Ordinarily Well: The Case for Antidepressants



OF THE PSYCHOPHARMACOLOGISTS I encountered in medical school, only one made an impression. In my final year, I met Jonathan Cole.

Cole’s career spanned the period of modern drug development in psychiatry. In 1953, before imipramine, he helped organize a national conference on psychopharmacology. He went on to head newly established pharmacology divisions at the National Institute of Mental Health. At the NIMH, he supervised the first large-scale trials of antidepressants. Believing in “green thumb” psychiatrists who, like Kuhn, could identify promising drugs through clinical observation, Cole maintained support for informal studies. By the 1970s, Cole was at McLean Hospital, in the Harvard system. I attended his talks. He invited me to his office.

Cole was a congenitally open, happy man. In his later years, residents called him Jolly Old Cole. Cole made no concession to the psychoanalytic convention that gravity and passive listening are the hallmarks of wisdom.

Cole loved to talk about unexpected uses of drugs. For example, he entertained a theory about nicotine. It might act to suppress anger; its ability to take the edge off irritability was part of what made it attractive to smokers.

In his time with me, Cole discussed alternatives to antidepressants. When doctors used amphetamine to energize patients during their hospital stays, some depressives simply recovered. Cole said that when medications such as imipramine failed, he might prescribe amphetamine, especially for patients who seemed apathetic. Stimulants had a bad name. They’d been prescribed for weight loss and abused. If you’re referred a depressed patient on amphetamine, Cole said, the doctor is either incompetent or sophisticated.

Cole was interested in the antidepressant effect of drugs such as Valium. They were called anxiolytics—they lysed, or dissolved, anxiety. GPs were criticized for prescribing “mother’s little helpers” to bored housewives. Perhaps the doctors were savvy. Cole had seen cases, especially when depression was admixed with anxiety, in which anxiolytics helped altogether, restoring energy instead of depleting it. In one study, Valium seemed more successful in this regard than Librium or Miltown.

Did I know a disturbing fact about Valium? Cole asked. Research had shown that patients prescribed Valium liked the doctor better, a worrisome feedback loop. Maybe they were right to do so.

Prescribing was an art. A patient’s requirements might be idiosyncratic because humans are.

Although they were about drugs from other classes, these conversations helped define for me what pharmacologists expected of antidepressants. Many medications could be referred to in terms of a direction, up or down—they induced more or less excitation. On occasion, those same medicines did a more complex and thorough job. They reversed much of a syndrome, many linked symptoms at once. Or they got to the heart of a disorder—in the case of depression, the loss of a future. That job, the one that, when stimulants or anxiolytics pulled it off, occasioned surprise, antidepressants did routinely. I am using Cole’s patter to point to how antidepressants act when they work well.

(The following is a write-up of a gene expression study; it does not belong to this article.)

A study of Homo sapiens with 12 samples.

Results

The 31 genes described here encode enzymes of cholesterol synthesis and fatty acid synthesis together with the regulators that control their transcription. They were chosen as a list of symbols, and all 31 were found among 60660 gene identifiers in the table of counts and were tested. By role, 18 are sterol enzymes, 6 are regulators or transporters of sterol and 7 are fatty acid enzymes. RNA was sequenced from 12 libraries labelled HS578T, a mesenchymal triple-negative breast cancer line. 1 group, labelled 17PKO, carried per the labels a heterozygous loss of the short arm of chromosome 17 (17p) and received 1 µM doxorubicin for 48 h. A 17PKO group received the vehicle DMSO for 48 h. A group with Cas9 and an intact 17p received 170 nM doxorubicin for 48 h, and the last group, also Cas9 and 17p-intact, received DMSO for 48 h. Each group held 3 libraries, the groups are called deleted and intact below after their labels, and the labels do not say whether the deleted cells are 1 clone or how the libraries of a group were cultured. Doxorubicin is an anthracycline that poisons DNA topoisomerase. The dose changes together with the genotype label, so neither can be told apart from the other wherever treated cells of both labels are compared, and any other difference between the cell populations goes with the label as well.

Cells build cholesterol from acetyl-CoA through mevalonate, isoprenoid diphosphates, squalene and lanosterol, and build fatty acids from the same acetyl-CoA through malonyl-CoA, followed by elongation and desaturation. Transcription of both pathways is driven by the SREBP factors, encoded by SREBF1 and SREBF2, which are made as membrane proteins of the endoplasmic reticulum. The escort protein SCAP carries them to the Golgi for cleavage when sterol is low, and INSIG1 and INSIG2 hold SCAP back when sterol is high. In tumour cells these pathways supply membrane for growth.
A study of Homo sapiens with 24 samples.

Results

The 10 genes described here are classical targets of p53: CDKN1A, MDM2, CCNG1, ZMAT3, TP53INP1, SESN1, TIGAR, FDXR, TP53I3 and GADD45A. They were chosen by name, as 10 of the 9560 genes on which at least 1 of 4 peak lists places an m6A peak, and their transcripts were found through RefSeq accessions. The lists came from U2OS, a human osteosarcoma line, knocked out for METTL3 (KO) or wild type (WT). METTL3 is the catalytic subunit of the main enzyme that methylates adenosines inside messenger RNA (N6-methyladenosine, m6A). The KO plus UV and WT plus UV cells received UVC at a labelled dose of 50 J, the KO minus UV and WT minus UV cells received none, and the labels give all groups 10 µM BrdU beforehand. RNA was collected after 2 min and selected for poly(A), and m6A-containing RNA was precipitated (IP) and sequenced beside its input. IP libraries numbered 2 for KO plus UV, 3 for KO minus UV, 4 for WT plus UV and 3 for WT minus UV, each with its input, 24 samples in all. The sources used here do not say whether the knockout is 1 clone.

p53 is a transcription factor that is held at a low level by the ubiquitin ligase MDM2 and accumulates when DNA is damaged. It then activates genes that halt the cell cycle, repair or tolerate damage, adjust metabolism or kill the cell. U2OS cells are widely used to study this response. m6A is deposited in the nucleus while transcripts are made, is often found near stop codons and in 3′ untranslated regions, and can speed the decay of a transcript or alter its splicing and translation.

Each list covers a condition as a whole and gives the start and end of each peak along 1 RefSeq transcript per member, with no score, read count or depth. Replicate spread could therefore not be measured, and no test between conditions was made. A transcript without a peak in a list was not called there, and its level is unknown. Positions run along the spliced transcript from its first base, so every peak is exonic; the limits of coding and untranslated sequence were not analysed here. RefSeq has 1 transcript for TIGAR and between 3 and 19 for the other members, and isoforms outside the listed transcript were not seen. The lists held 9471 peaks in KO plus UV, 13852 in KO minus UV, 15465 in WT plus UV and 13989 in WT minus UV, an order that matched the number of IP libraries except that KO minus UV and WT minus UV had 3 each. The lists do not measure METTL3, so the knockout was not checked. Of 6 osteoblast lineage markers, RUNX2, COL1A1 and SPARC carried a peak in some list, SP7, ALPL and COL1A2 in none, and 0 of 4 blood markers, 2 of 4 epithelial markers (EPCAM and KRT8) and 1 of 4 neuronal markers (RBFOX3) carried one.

I spoke with Cole in subsequent years, but I remember the early conversations best. I had seen pharmacology as a matter of memorizing the dose ranges for drugs and then avoiding using them. Cole demonstrated that a lively mind could be engaged by the complexities of prescribing.

From early on—since encountering Cole as I left medical school—I have utilized many classes of medication with depressed patients: stimulants, antianxiety medications, antiepileptics, antipsychotics, mood stabilizers, sedatives, and others. Occasionally, patients respond best to a “wrong” drug or the right drug at the wrong dose. Like Cole, I always have a depressed patient or two in my practice who are taking amphetamine or Ritalin by itself and who do well globally.

I mention Cole’s approach to depression treatment—that there’s more than one way to skin a cat—because of what strikes me as an odd line of argument against traditional antidepressants. Critics have complained that since unrelated sorts of medicine can help in depression, something is suspect about the central group of antidepressants, imipramine and Prozac and the rest. Why are they more “antidepressant” than Valium or Ritalin?

I think that the critics misread the findings. In studies where anxiolytics are tested as depression treatments, they rate well on insomnia, agitation, and anxiety, not the core symptoms. The distinction between Valium and imipramine is real enough.

But if the research results were different, if Valium proved a terrific antidepressant, what of it? Doctors lower blood pressure through varied medications that at the first level act on the brain, kidney, blood vessels, or heart. No one argues that the multiplicity of approaches discredits antihypertensives.

With depression, the expectation of exclusivity seems especially peculiar. If we believe that mood disorders respond to changes in self-awareness, social comfort, and assessment of external circumstances, it follows that, now and again, a medicine that relaxes or focuses the mind might prove useful.

For me, Cole’s was a model approach to the work of psychiatry. We try remedies that have been well tested. When those fail, room is left for efforts grounded in less systematic observation. This method resembled the one I used in psychotherapy, trying one line of inquiry and then another, demanding progress. Cole gave me the permission I wanted, for vigor in the treatment of depressed patients—this in an era when infinite patience was the norm.